Make your own sauerkraut with Crock & Jar's recipe! (Photo: Melina Hammer)

Ways to Flavor Your Sauerkraut

Although it’s not necessary to add any flavoring ingredients, if you like, you can add 1 to 2 tablespoons of whole spices, just one or a combination. Here are a few ideas:

  • Peppercorns
  • Juniper berries
  • Caraway, fennel, cumin, coriander, dill, celery, or anise seeds
  • Bay leaves
  • Cinnamon sticks
  • Whole cloves or allspice

Home-Fermented Sauerkraut




30 min


00 min


10 tsp. fine sea salt, divided*

2 lbs. green cabbage, cored and shredded finely

1 to 2 Tbsp. flavoring ingredients (see below)


  1. In a bowl or measuring cup, combine 5 teaspoons of the salt with 4 cups of lukewarm water, stirring to dissolve the salt. Set aside to cool to room temperature.

  2. Meanwhile, in large mixing bowl, combine the cabbage, the remaining 5 teaspoons of salt, and flavoring ingredients, if you like, stirring to thoroughly combine. Transfer to a large, nonreactive container, packing it down. Let stand for 15 minutes, so the cabbage can release some of its juices.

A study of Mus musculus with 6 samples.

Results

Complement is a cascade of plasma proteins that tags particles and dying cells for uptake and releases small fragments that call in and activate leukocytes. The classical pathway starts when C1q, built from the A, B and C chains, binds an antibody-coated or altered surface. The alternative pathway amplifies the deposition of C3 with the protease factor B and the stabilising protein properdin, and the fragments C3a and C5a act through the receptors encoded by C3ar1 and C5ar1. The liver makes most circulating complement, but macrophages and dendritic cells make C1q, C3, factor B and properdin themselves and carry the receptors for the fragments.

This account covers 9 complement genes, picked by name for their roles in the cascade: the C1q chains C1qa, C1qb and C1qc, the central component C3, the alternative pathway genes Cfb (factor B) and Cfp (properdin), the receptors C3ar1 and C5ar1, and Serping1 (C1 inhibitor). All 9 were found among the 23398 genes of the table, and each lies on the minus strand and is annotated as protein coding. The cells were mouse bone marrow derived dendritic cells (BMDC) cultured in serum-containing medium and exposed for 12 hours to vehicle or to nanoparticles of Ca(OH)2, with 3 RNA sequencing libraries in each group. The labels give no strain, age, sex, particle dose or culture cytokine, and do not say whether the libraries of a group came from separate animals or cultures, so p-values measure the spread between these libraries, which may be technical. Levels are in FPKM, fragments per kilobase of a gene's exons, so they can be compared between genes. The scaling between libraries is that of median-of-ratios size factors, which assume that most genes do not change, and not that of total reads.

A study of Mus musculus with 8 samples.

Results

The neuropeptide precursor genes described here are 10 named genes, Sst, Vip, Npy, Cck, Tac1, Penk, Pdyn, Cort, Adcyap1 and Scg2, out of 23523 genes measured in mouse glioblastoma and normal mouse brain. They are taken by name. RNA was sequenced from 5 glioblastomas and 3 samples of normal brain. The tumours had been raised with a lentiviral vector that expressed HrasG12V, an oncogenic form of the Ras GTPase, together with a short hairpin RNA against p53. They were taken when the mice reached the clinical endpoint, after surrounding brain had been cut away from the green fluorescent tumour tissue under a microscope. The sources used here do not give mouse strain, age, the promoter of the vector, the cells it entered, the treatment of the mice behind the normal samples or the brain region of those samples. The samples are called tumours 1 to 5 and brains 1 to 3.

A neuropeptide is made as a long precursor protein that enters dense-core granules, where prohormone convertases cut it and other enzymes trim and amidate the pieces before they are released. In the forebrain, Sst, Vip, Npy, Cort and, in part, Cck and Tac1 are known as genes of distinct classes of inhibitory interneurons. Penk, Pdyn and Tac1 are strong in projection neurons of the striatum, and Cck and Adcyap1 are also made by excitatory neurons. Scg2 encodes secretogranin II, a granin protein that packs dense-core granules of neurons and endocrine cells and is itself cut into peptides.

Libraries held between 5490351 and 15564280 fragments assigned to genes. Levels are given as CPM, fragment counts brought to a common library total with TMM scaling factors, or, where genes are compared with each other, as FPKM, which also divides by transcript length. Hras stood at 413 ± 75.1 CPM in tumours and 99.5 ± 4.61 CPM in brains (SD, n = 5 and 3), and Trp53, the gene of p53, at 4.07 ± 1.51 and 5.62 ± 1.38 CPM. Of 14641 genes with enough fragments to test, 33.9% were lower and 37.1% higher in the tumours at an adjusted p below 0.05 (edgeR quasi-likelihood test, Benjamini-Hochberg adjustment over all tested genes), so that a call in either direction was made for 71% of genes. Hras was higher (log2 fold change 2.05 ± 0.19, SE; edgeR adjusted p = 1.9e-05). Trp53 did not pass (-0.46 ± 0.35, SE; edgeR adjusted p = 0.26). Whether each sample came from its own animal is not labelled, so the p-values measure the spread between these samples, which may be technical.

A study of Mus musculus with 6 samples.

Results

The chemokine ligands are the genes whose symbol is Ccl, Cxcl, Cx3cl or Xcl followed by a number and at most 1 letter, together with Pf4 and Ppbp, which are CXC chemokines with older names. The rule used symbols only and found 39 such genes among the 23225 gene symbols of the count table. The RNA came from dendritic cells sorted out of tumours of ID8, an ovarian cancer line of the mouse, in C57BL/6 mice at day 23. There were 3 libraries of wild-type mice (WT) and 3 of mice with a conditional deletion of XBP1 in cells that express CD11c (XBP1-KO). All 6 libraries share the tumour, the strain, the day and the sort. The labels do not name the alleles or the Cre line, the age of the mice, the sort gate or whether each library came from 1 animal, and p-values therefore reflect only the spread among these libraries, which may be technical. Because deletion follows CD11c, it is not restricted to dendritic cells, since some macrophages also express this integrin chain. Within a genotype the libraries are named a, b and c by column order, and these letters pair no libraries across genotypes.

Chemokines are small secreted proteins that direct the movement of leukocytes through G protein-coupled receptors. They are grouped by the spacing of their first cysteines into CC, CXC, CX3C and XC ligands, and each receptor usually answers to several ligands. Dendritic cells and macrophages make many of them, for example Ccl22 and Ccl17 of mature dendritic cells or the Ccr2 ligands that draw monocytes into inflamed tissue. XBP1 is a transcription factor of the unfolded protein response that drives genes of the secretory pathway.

3. Check to see if the juices are enough to cover the cabbage. If not, add enough of the salt water mixture to cover. Cover the top of the cabbage with a double layer of cheesecloth, tucking it in at the edges. Set a plastic, glass, or ceramic plate on top of the cabbage, ideally one that fits just inside the container, to keep the cabbage submerged. Place something heavy on top of the plate, such as a bowl or a lidded jar filled with water.

  4. Cover the entire setup loosely with a clean kitchen towel and set it aside in a cool place (no warmer than 75°F) for 3 to 6 weeks, checking the sauerkraut a few times a week to skim any foam from the surface and rinse the plate. When the bubbling stops, the fermentation is complete and the sauerkraut is done, although you can taste it any time during the process, and if it’s done to your liking, it’s done.

  5. Transfer the sauerkraut to an airtight container and store it in the refrigerator.

  6. *While our preference is for you to always use fine sea salt, in this recipe it’s especially important—”regular” or iodized table salts have additives that can affect the fermentation process.